It felt as if we had temporarily returned to winter at the start of the week. Even the bluebells looked as if they were in shock as I walked across the fields, having dug my fleece out from the wardrobe for what I hoped would be “one last hurrah”. Daisy was unfazed and snuffled suspiciously around the sheep dung.
There is much to be said for simplicity when it comes to genuine gratitude, but it’s so easy to see straight past it.
Walking up from the church the hill climbs into the woodland on the Downs and, glancing behind, the worn grass traces a gently winding path back on the ground while the horizon falls to leave a panorama of the town at its feet. There’s nothing special about this. Similar and indeed, much more dramatic landscapes can be viewed in just the same way, but they are not right now, here in this moment. This view always exists, in every weather, and asks only that I notice and appreciate it.
Daisy, at nine months, is in season. The task of keeping her away from potential doggy suitors is all consuming. More time on the lead than she would like and a vigilance in me, when she is off it, which would not be out of place in a prisoner on the run, scanning for the hounds pursuing him into the undergrowth. It might be a challenge but I have to be truly in the moment, and that is always a gift.
Mindfulness is frequently lauded as a panacea for all manner of ills. Most recently there were reports suggesting that it might have an impact on reducing the onset of Alzheimers and dementia.
The more exposure I have had to mindfulness and with every positive impact I have seen from its use with my clients the more apparent it becomes that gratitude speeds and strengthens its power.
Being “in the moment” is much easier if we find ourselves able to appreciate something about the moment we’re in. I might feel awful but, if I can derive a crumb of joy from the sun on my face or an unusual bird singing in a tree, choosing to stand here is so much easier.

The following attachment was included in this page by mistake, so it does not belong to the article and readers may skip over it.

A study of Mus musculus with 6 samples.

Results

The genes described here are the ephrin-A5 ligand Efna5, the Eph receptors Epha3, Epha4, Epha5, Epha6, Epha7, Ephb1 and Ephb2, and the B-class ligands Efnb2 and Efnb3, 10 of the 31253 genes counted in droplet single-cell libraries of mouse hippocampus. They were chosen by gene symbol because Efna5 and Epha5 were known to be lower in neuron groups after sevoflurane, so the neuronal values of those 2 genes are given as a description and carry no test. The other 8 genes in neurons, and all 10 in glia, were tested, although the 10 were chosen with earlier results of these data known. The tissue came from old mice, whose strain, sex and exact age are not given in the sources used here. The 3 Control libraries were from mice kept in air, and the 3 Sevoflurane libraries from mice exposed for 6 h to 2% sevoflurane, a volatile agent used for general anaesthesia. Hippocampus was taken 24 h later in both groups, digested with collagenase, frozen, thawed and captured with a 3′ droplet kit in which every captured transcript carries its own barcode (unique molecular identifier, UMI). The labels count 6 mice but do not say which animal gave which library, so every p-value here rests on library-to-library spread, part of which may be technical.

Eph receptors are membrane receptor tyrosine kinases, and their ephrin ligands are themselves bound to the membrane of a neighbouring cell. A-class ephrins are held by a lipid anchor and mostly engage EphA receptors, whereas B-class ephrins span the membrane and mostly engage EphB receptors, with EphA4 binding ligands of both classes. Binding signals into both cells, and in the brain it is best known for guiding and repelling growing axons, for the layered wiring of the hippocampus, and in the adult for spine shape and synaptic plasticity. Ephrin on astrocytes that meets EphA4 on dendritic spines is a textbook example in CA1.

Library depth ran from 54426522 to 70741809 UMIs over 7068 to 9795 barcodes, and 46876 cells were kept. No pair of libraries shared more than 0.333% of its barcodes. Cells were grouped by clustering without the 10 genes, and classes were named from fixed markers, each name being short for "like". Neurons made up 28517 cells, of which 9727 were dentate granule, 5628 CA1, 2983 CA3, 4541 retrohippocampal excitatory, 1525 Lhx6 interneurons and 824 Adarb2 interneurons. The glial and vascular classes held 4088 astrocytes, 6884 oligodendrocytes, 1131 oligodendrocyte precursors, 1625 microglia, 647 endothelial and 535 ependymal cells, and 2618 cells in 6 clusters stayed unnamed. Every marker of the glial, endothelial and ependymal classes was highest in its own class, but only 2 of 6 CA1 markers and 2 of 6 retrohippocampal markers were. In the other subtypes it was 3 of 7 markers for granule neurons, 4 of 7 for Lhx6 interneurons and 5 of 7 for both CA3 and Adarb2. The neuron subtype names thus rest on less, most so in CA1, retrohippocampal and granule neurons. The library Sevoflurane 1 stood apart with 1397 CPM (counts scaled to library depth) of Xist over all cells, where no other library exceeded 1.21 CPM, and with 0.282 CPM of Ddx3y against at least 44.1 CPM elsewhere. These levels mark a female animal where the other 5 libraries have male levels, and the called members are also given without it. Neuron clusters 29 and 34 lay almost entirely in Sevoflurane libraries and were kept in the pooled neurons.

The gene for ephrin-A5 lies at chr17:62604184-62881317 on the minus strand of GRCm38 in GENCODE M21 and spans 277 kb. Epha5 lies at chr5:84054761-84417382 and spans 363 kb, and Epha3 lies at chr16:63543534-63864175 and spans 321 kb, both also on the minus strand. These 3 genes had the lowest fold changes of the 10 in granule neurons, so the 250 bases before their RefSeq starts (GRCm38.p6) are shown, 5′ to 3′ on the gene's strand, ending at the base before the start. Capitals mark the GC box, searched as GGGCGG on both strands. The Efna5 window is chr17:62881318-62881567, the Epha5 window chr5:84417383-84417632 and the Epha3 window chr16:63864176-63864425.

What makes us time travel more than anything is a discomfort with our own emotions. To anchor in the middle of discomfort requires some semblance of contrast, an acknowledgement that the possibility of something tiny but beautiful in mitigation is present.
I seem to have had countless conversations this week with clients who are determined to feel bad about themselves. When an uplift in mood comes, through some random moment of success or achievement, or even via their own efforts to dull anxiety through mindfulness or self-hypnosis, the dark clouds soon return. Nothing seems to make a lasting and fundamental change. It’s because mindfulness without self-acceptance is not enough.
To be emotionally free is to be in the moment finding something positive amongst however much is bad.
As the sun returned with a vengeance at the weekend we prepared to celebrate my daughters birthday. When they grow up it’s easy to look wistfully at the past when they were small, wide-eyed and full of wonder.
On the other side of the street, a small child with flowing blonde hair walks with her grandmother. She reminds me of Beth when she was very young.
Clutching a bright yellow bloom in her hand she says “Granny. I love this flower”. I smile to myself and look at the bunch of pale pink tulips and white roses I carry in my hands for my own daughter, much less a child now but blossoming into a young woman, and I’m back in the moment, full of gratitude.
That’s a state which is as near as we ever get to serenity.